Some people lie about their actual birthdays. It’s not vanity driving these deceptions – it’s cash. By pretending to be celebrating the big day, like, thus very day, Millennials know they stand a good chance of scoring the best bargains online. And we all know that Millennials – digital natives that they are – can teach us an online trick or two.
Recent research shows that more than one in four percent young people gives a fake birthday to get a better deal when signing up for newsletters on e-commerce sites; many ask for that date as part of the subscription process. The research, by Mindshare, analyzed more than 1,000 responses to understand how 18- to 34-year-olds shop.
In our own unscientific research, we uncovered a few other fake-birthday tricks. It doesn’t matter if you’re 26 or 68, a birthday’s a birthday, and retailers want your loyalty.
“Restaurants sometimes tell you to sign up on their app or website to receive coupons, and when it’s your birthday, they give you a voucher for a free meal via email. So even when it’s not my birthday yet, I sign up and say it is so I can receive the coupon, hence making me seem older, like I just turned 26,” says Jennie, who’s actually 25.
“Honestly I’ve never lied about my age to get a deal and I don’t really know anyone who has. But wow, I should start doing that!” Mary, who’s 25, told us.
The downside of the fake-birthday trick? 58 percent of Millennials say they’re inundated with promotional emails.
Here are some non-birthday tricks that Millennials use to cheat the system.
Save on Products and Services
The Mindshare study looked at other hacks (aka tricks) that Millennials use online. These include:
- Share an Amazon Prime account ($99 per year, but only$49.50 each when split between two). You can do the same with live-stream subscription accounts, including Netflix and HBO Go.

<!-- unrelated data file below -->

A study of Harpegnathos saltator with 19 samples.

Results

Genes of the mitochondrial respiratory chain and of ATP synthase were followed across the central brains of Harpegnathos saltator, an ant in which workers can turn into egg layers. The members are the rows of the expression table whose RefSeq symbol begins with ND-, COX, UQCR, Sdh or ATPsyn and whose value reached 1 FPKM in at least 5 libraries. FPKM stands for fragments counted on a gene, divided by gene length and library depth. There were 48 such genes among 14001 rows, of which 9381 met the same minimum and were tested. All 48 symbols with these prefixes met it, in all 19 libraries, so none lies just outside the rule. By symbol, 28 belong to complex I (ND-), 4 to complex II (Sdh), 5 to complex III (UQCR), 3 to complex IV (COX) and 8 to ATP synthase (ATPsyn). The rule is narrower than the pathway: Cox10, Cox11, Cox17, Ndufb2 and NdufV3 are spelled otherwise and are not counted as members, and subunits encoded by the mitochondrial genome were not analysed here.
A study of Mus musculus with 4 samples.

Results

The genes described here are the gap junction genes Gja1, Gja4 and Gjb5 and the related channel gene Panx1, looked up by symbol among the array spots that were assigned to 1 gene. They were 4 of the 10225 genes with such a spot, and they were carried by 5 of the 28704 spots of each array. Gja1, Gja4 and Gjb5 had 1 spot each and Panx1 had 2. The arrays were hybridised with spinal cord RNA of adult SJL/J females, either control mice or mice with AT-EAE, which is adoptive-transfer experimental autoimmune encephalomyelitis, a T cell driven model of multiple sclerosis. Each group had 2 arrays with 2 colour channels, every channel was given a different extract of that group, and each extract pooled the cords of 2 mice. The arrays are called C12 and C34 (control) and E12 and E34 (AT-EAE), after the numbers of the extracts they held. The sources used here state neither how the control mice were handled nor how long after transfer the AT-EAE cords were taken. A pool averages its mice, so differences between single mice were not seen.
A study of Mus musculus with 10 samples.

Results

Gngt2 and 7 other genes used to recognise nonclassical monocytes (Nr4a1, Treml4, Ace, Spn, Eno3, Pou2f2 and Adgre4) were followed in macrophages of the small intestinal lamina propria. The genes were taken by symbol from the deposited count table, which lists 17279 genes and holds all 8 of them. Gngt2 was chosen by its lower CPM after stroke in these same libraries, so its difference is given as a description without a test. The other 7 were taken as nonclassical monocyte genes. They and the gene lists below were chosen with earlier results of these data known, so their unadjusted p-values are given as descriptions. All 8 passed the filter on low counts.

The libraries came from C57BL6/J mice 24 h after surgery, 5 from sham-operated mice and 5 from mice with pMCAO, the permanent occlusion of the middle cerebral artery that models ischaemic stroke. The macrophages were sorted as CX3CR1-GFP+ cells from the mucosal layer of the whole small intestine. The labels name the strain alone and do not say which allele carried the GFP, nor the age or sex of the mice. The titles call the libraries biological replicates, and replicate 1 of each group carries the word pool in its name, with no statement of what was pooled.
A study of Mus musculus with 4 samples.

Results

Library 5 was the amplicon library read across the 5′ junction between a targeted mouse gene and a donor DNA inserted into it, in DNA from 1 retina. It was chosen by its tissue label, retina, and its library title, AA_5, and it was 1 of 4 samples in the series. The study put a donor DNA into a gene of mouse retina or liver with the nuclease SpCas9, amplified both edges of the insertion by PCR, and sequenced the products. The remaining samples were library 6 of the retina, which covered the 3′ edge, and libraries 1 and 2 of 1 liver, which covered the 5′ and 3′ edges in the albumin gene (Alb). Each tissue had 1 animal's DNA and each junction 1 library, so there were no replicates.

- Clear Google search histories to get the best price on an item. Your search history in Google lets a site know if you’ve already seen a price on a specific item on that site. By clearing your history, you prompt the site to give you fresh information – the lowest current price. Follow these steps to clear your search history.
- Leave items in an online shopping cart. Many retailers have “abandoned cart” systems that automatically send customers a nudging email offer for the items they “forgot” to check out.
- Play the waiting game by holding off on purchasing an item until it goes on sale. You can sign up on a free price-tracking site to set an automatic sale notification. One such service is PricePinx. Sign up for an account, enter the URL of the product you want to buy and wait for an email alerting you to a price drop.
All of our sample Millennials use hacks to save money on travel. Want to know how? Here goes.
Save on Travel
- When it comes time to book your ticket, wipe your browser history clean. When you do this, a travel website can’t see if you’ve been researching fares, and thus is more likely to offer you cheaper ticket options. Here’s how to clear history in Internet Explorer, Firefox, Safari and Chrome.
- Book travel tickets on Tuesday — that’s typically when prices drop.
- Use a travel site that tells you whether fares are likely to go up or down over the next several weeks. Hopper is the newest and brightest. Kayak also offers “farecasting.”
- Get price drop alerts on fares. Hopper offers email alerts for price drops on any number of flight routes and days you want to set. If you use the app, you’ll get the alert wherever you are and can act fast to grab the deal.
What are some online saving tips you or your favorite millennial use (ask and share in the comments section below)?